Paraphrasing an excited post from 2015, this might just be the year I return to serious camping!
I have a week in July pencilled (remember those?) for a bushwalk. Naturally, at the end of a day’s bushwalking you camp.
Now slap yourself upside the head if you mentally segued to the tent-scene in Brokeback Mountain, because there’s no ‘camp’ in my camping!
That said, to borrow as always from Seinfeld, “Not that there’s anything wrong with that!” unquote. Honestly, hammer that peg anywhere you like, mate.
For purists and pedants alike, it’s called bushwalking in Oz. Not hiking (US), tramping (NZ), or rambling (UK). Prices hike, hookers tramp, politicians ramble.
We walk through the bush then camp.
This is not just your tame Europoean-variety bush, either.
In Australia everything wants to bite, sting or scratch you to death. It wouldn’t be a legit wilderness experience if I didn’t step over at least one Eastern Brown snake or shake a Funnelweb spider out of my boot.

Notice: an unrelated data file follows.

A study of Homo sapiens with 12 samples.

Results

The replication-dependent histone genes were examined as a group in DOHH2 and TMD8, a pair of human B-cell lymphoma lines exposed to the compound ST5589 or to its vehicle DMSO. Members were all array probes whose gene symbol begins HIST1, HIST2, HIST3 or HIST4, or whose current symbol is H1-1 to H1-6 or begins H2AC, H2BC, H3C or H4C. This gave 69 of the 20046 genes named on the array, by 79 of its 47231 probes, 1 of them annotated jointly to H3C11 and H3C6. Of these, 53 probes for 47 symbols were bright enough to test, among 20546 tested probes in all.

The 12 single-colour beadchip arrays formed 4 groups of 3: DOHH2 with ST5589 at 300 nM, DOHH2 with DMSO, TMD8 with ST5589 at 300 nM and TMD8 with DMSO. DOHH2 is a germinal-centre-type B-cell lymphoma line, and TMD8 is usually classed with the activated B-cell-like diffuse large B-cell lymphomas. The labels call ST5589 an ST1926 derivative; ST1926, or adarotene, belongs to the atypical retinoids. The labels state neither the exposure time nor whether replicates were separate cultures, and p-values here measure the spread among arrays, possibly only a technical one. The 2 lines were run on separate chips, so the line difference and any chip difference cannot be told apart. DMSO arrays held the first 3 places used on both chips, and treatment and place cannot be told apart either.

But 2023 will be different insofar as I want to take a friend.
Okay you bastards maybe ‘friend’ is a stretch — but somebody else in addition to myself. Somebody slower than me in case we meet a bear.
It also needs to be a classic bushwalk.
I want the total Zen experience: fetch water from tiny spring dripping out of mountainside, gather faggots for fire, cook chilli beans and eat straight from can, periodically fear for my life due to predatory wildlife.
And enforcement of a strictly one-person hammock rule.
None of that “Oops! Must have left mine in the car! Do you mind…?”
The only downside to camping is work the next week.
When my homophobic workmates ask what I did on my break, “Spent a fabulous night in a hammock under the stars with a male friend!” is not what I’ll be telling anyone.
I know I should be a better person, but nobody has a gay old time anymore.